Hewlett-Packard CEO Mark Hurd scheduled a press conference for late Friday afternoon, seeking to answer questions about his involvement in the boardroom-level investigation into press leaks that is now the subject of a criminal probe.
HP announced that Hurd would speak to reporters after the U.S. stock markets closed for the day, or around 4 p.m. EDT.
Spinning Out of Control
The move comes as Hurd faces mounting pressure to make bold moves to contain the scandal, which started in the boardroom and has resulted in the resignations of three board members — including Chairwoman Patricia Dunn. The SEC, private attorneys and the California Attorney General are now conducting their own investigations.
Dunn resigned from the board after acknowledging she had overseen an investigation into media leaks that included the use of pretexting to obtain phone records of board members, employees and members of the press.
In what observers say is full-scale damage control after calls were made for Hurd’s resignation, HP scheduled the press conference and announced that Hurd would travel to Washington, D.C., to testify to a congressional committee about the investigative tactics used by Dunn and an outside firm hired to ferret out the source of the leaks.
Because he is relatively new to the CEO’s post, Hurd had been seen as staying out of the fray of the investigation, which may have begun when Carly Fiorina held his post. However, one published report Thursday said e-mails and other documents suggest Hurd was at least kept apprised of the investigation’s progress, while another said he may have helped set up a “sting” operation involving a newspaper reporter.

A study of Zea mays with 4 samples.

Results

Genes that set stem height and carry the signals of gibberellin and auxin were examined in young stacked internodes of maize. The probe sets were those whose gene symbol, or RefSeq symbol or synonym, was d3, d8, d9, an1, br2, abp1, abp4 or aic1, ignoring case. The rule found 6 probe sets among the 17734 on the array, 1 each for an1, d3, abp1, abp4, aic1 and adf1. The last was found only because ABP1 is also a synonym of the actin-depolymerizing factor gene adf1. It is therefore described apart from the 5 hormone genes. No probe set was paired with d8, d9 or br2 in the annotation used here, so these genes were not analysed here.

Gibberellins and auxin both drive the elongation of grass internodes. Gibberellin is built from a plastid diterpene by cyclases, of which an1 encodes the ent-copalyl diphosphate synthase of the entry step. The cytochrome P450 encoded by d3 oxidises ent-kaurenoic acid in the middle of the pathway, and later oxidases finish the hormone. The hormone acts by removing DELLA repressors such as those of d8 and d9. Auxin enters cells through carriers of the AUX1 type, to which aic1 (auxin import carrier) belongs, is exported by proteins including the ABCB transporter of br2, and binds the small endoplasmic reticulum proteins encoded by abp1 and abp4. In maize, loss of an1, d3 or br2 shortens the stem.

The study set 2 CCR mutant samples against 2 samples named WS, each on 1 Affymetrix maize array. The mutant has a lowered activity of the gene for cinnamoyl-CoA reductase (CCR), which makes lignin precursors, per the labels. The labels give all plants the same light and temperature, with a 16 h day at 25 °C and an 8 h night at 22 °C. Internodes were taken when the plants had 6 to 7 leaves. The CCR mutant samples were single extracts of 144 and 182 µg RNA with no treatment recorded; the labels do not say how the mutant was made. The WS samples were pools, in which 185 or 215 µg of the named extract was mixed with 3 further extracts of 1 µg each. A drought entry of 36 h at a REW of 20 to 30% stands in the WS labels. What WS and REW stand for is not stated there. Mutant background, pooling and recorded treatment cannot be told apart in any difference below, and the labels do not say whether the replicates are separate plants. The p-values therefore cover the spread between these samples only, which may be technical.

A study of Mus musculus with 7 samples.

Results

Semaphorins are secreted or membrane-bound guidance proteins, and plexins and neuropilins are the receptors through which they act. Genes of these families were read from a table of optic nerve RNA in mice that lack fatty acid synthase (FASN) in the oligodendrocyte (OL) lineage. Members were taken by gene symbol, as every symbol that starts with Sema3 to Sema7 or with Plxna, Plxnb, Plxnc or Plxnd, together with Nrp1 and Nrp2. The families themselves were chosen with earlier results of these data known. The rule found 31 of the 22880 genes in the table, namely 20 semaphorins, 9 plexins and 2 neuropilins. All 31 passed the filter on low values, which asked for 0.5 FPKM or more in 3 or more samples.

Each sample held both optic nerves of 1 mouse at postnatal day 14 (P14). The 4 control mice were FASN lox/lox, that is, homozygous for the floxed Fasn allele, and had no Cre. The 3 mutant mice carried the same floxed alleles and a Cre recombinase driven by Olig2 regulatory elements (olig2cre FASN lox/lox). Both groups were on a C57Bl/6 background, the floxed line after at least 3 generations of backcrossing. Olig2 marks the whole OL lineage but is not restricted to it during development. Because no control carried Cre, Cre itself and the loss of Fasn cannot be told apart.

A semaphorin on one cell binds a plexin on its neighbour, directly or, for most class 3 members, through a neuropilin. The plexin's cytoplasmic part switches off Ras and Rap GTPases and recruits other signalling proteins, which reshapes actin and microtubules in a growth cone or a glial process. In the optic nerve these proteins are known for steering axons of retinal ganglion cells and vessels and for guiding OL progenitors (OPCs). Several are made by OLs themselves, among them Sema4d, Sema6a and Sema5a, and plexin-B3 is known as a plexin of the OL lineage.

Above the Fray?
Hurd’s being dragged into the scandal — which the California Attorney General suggested could result in criminal charges in a matter of days — could significantly change what had until now been seen as a non-material distraction for the company.
Hurd has won accolades for his work in turning HP around, helping it to regain the PC-sales crown from rival Dell, improving its bottom line and making it more competitive overall.
“Hurd is driving HP’s turnaround, so for him to be pulled into this mess is not good news for the company,” said Enderle Group Principal Analyst Rob Enderle. If nothing else, Hurd’s credibility with Wall Street and with employees could be damaged, he added.
Dunn stepped down, Hurd was given the chairman’s role, and some analysts suggested that the latter move indicated the board is confident that he was not close enough to the investigation to be forced to resign.
HP stock stumbled Thursday after the first reports hit that Hurd knew of both the leak probe and some of the tactics it allegedly involved — including pretexting, in which investigators pose as a person to obtain their phone records. That practice, while not explicitly illegal, is said to be what law enforcement is focusing on, with possible fraud or forgery charges to come.
HP shares lost more than 5 percent of their value during the day Thursday, but were holding their own in midday trading Friday, falling just 0.3 percent to US$34.76.
Some of the pressure was taken off Hurd early Friday when California Attorney General Bill Lockyer said in a TV interview that his office had no evidence linking the CEO to the crimes. He added that the investigation was ongoing, however.
In a press release, Hurd said Friday’s news conference would focus on what HP is doing to address the fallout from the investigation. “We plan to give as much clarity as we can to these matters,” he said.
Investor nervousness about Hurd’s future is most likely overreaction. “At this point, we do not believe Hurd will be forced to step down, and as a result, we do not see the ongoing investigation as having a significant impact on HP shares,” Standard & Poor’s analyst Richard Stice wrote in a research note.